As the Penguins opened their summer development camp Wednesday afternoon, general manager Jim Rutherford offered the following tantalizing observation.

“I know there’s one player here I’m watching really close that could get a contract coming out of the rookie tournament (in September),” he said.

It sounded like the plot line for a TV reality show. Like “Survivor,” except on ice in Cranberry.

It also is a good indication of how dramatically the annual camp has changed in the past couple of years.

As recently as 2015, the camp roster was full of prospects on the verge of making the NHL. That year, Matt Murray, Conor Sheary and Bryan Rust were participants, and by the end of the season, they had their names engraved on the Stanley Cup.

Nowadays, it’s different.

The Penguins told their more experienced prospects, the ones who already have been through several development camps, to stay home. They’re better served, the team figures, staying on their individual offseason workout programs.

Instead, they invited 14 recently drafted or signed prospects and 24 undrafted free agents.

For the players, it’s a chance to get familiar with the inner workings of an NHL team. For the Penguins, it’s more or less a tryout camp.

Last year, the Penguins signed three players from development camp — forwards Jordy Bellerive and Sam Miletic and goalie Alex D’Orio — to NHL contracts by the end of September.

“They’re invited here for a reason,” player development director Scott Young said. “We’ve scouted them for the past year or more, and we feel there’s potential. We’re going to be following them. We want to develop relationships with those guys. We could possibly sign them as a free agents.”

Carter Robertson is one of the prospects hoping to earn a contract.

A 6-foot-2 defenseman with a good, two-way game, Robertson had five goals and 18 points in 57 games with Ottawa of the Ontario Hockey League last season. Projected to be a mid- to late-round pick, he attended last weekend’s NHL Draft in Dallas.

Imagine his horror as the last few picks were made and his name hadn’t been called.

Imagine his relief when the Penguins approached and invited him to camp.

“It was tough sitting through all the rounds, seeing everyone else go,” Robertson said. “It was emotional. To see them come up to me, it was nice. They came up and made me feel like I was part of the team. I had to immediately get focused on coming to camp.”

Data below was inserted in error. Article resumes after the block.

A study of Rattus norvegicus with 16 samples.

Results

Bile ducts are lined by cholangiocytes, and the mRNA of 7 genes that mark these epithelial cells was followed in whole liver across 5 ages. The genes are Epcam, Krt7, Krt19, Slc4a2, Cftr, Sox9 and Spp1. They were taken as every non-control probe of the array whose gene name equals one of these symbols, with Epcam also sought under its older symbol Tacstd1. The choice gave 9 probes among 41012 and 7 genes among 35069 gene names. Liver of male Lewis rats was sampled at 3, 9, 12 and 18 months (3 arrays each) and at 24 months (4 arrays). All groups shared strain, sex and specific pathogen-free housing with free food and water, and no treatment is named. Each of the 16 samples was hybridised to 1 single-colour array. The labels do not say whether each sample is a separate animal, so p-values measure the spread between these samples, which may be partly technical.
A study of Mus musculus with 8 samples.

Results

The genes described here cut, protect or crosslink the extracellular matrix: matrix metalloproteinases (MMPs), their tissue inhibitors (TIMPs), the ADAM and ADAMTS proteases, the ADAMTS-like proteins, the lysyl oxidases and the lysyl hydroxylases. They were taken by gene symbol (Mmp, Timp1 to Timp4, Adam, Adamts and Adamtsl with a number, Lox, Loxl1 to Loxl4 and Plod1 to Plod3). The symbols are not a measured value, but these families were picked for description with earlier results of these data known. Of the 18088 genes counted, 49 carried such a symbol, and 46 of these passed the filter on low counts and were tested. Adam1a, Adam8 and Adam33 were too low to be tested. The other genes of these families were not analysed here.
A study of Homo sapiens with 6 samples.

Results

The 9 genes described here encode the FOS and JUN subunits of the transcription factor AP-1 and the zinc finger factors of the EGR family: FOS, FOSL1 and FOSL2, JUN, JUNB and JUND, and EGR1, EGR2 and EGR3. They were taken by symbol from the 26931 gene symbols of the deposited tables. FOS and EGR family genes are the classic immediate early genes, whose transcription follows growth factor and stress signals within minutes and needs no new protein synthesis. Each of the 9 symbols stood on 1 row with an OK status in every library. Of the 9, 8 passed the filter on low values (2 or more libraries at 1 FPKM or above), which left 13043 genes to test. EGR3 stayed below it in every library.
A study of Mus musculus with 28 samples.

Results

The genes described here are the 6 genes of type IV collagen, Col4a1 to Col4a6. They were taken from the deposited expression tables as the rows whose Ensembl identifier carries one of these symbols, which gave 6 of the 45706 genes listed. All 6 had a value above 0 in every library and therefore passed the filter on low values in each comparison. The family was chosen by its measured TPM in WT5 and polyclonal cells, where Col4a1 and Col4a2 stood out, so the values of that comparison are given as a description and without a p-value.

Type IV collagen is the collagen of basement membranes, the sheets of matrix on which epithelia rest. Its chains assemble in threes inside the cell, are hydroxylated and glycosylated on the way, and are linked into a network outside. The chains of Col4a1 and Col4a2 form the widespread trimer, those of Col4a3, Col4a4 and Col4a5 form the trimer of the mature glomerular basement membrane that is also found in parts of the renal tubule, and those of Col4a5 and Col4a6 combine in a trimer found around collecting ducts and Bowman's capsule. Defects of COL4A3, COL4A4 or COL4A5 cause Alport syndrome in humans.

If Robertson needed any advice for how to earn an NHL contract at development camp, he only needed to look across the room to D’Orio and Miletic.

After the Penguins included Filip Gustavsson in the Derick Brassard deal last season, D’Orio became the only goalie prospect in the organization under NHL contract.

He had a tough year for a rebuilding Saint John team in the QMJHL, but the Penguins like his 6-2 size and athleticism.

“For confidence, to have my contract, it feels nice, but at the same time, I need to prove some things again,” D’Orio said. “I’m here to prove I can do the same things as I did last year.”

Miletic, meanwhile, earned his contract with an impressive power-forward game in last year’s camp. He had 36 goals in 73 games in the OHL last season and looks to be headed to Wilkes-Barre/Scranton in the fall to start his pro career.

He remembers the day assistant GM Bill Guerin offered him an NHL contract vividly.

“Man, it was awesome,” Miletic said. “Best moment of my life, for sure.”

Miletic had a simple bit of advice for the roster longshots who hope they’re the one Rutherford has his eye on.

“Just work hard and play your game,” Miletic said. “The Pens obviously value people who work hard. Just make the most out of your opportunities.”

Jonathan Bombulie is a Tribune-Review staff writer. Reach him at [email protected] or via Twitter @BombulieTrib.